The Amalfi Coast (Costiera Amalfitana) is a stretch of coastline that goes from Sorrento to Salerno. Packed with wealthy tourists in the summer it becomes an affordable and relaxing retreat in the spring and fall. Blessed with the natural beauty of mountains, cliffs and the sea, the Amalfi Coast is one of the most beautiful places in Europe. The Amalfi Coast is listed by UNESCO as a World Heritage site.
The Towns of the Amalfi Coast:
Sorrento – Sorrento sits high on the cliffs overlooking the bays of Naples and Salerno. Walking the streets in the summer you will feel like you have walked in the summer version of carnevale. Don’t even think about driving here in the summer, traffic is horrendous. Making matters worse there are no traffic lights in the center of the city.
Positano – Positano is considered the most picturesque of all the towns and is the one most of us are familiar with from pictures and posters. The brightly colored houses of Positano cling to cliffs looking like they are going to tumble into the brilliant turquoise sea at any moment. Positano is known for its beautiful beaches (composed of both sand and pebbles), expensive shops, chic tourists and the number of steps you are likely to have to climb to get anywhere.
Amalfi: Amalfi has more history associated with it than any of the other little villages. Having been founded in the 9th century it once rivaled Genoa and Pisa for military power. Overlooking the Bay of Salerno, Amalfi has a distinctly Moorish feel. About 3 miles west of Amalfi you will find the Emerald Grotto a cavern known for its light effects and chamber of stalactites and stalagmites many under water.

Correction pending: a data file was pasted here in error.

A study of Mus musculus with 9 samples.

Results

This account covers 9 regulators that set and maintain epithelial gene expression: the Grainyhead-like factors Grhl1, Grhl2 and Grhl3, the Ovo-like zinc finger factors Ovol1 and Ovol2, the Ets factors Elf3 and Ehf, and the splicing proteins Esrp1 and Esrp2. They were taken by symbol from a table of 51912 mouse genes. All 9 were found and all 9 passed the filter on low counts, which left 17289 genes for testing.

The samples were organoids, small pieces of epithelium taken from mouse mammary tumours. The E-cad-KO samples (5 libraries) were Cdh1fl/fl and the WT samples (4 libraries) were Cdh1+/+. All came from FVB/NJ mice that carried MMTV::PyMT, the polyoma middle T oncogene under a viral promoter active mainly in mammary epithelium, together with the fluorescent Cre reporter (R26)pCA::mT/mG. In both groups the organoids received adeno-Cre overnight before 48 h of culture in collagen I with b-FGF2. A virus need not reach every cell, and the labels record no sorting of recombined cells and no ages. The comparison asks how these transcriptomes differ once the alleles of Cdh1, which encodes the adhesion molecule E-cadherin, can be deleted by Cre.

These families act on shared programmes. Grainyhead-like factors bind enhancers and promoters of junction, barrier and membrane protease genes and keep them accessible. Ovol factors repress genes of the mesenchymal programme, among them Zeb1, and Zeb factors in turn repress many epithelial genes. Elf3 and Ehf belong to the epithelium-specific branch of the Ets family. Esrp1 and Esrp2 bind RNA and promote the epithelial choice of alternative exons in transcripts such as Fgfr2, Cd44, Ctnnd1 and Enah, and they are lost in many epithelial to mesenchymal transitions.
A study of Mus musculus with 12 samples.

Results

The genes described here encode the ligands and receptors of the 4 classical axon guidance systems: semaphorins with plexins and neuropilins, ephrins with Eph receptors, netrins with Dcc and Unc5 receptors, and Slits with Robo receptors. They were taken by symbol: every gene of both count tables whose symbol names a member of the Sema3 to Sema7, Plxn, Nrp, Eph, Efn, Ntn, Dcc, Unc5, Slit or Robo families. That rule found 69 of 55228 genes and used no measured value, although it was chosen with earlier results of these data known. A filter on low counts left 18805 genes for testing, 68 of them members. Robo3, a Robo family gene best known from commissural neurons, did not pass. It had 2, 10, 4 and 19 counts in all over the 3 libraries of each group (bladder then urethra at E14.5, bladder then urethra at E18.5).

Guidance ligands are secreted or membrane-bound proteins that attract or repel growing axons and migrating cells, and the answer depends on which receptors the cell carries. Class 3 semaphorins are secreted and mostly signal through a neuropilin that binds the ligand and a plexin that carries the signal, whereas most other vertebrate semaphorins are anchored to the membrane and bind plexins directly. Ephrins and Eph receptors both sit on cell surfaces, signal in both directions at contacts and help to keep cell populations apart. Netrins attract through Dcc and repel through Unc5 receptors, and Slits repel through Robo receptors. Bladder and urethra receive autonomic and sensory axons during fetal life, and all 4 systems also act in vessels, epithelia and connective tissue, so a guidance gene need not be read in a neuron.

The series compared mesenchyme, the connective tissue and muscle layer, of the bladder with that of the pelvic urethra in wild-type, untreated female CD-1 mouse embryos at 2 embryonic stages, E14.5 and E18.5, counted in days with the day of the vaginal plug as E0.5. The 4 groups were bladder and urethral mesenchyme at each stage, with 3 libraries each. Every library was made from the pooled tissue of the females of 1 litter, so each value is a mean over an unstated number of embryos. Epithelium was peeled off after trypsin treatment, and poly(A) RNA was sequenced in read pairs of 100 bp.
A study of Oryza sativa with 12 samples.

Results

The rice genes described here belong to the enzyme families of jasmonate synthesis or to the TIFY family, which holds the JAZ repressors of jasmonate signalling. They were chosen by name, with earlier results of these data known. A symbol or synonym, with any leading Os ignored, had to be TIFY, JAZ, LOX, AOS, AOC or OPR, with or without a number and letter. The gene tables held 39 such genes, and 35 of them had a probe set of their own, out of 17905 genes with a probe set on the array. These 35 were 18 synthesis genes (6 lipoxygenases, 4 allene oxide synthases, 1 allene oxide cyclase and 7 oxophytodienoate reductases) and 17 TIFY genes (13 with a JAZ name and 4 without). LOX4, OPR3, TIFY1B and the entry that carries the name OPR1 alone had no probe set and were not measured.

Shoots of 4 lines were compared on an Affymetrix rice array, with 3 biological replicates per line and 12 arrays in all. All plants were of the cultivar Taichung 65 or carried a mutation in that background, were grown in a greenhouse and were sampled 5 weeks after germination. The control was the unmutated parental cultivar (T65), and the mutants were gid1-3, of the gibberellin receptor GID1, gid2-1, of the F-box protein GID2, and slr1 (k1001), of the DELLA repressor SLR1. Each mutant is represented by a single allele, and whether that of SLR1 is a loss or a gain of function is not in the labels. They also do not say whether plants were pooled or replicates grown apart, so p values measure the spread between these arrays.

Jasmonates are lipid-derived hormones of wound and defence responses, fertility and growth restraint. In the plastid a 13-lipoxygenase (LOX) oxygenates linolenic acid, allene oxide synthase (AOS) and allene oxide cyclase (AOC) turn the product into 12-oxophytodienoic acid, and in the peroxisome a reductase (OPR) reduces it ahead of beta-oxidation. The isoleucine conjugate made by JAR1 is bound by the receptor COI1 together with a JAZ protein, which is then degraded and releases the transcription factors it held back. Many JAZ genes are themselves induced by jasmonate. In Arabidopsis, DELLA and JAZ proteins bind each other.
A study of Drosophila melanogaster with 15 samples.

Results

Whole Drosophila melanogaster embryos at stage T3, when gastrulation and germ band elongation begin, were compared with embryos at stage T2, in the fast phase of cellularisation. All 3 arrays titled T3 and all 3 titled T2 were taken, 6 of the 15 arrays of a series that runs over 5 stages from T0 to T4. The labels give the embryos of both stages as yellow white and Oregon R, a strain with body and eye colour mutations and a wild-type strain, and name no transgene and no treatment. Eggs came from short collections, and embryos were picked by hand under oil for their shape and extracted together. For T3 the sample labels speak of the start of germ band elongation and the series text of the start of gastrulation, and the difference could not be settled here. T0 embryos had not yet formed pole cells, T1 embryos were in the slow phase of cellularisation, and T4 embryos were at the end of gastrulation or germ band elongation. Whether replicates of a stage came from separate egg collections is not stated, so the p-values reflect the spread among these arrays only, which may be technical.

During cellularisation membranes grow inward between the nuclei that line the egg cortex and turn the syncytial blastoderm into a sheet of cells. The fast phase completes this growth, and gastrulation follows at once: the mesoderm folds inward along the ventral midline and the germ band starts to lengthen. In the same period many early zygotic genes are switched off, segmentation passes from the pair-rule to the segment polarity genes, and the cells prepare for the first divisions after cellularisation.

Ravello: Sitting on what looks like a balcony, Ravello has long been a haven for artists such Richard Wagner, Greta Garbo and D. H. Lawrence who wrote Lady Chatterley’s lover here. Located higher on the cliffs than the other villages, the writer Andre Gide once said “Ravello is nearer the sky than the sea”. Take a break from gazing at the sea and enjoy the beautiful gardens of the Villa Cimbrone. Many people consider Ravello the most beautiful town in Italy, though I don’t know how or why you would even try to choose.
Salerno: Salerno is the urban city sitting at the southern end of the Amalfi Coast. Having suffered the effects of earthquakes and heavy fighting in WWII Salerno is not nearly as charming as the rest of the area. It is, however, less expensive than the smaller villages and towns on the coast and can be a great base for exploring the area.
Other smaller towns and vllages dot the coastline. Nestled between their more famous neighbors they offer a quieter, more relaxing atmosphere.
Getting to the Amalfi Coast is a little more difficult than getting to the towns of the Cinque Terre which has a local train servicing the area and prohibits cars in the actual villages. A bus runs along the Amalfi Coast from the train station in Sorrento to Salerno and back. If you are traveling by train from Naples you can take the Circumvesuviana to Sorrento or a train directly to Salerno and then a bus to the villages. It is also easy to hire drivers to take you along the coast if you prefer. As pretty as the road is it is a challenge for drivers with steep drops and narrow sections and a white center line that is virtually ignored. In the summer traffic jams are the norm. If you like boats, your best option is to take one of the boats that operate out of Naples and go to Amalfi, Positano, Capri and Salerno among other places. The boats operate in season only.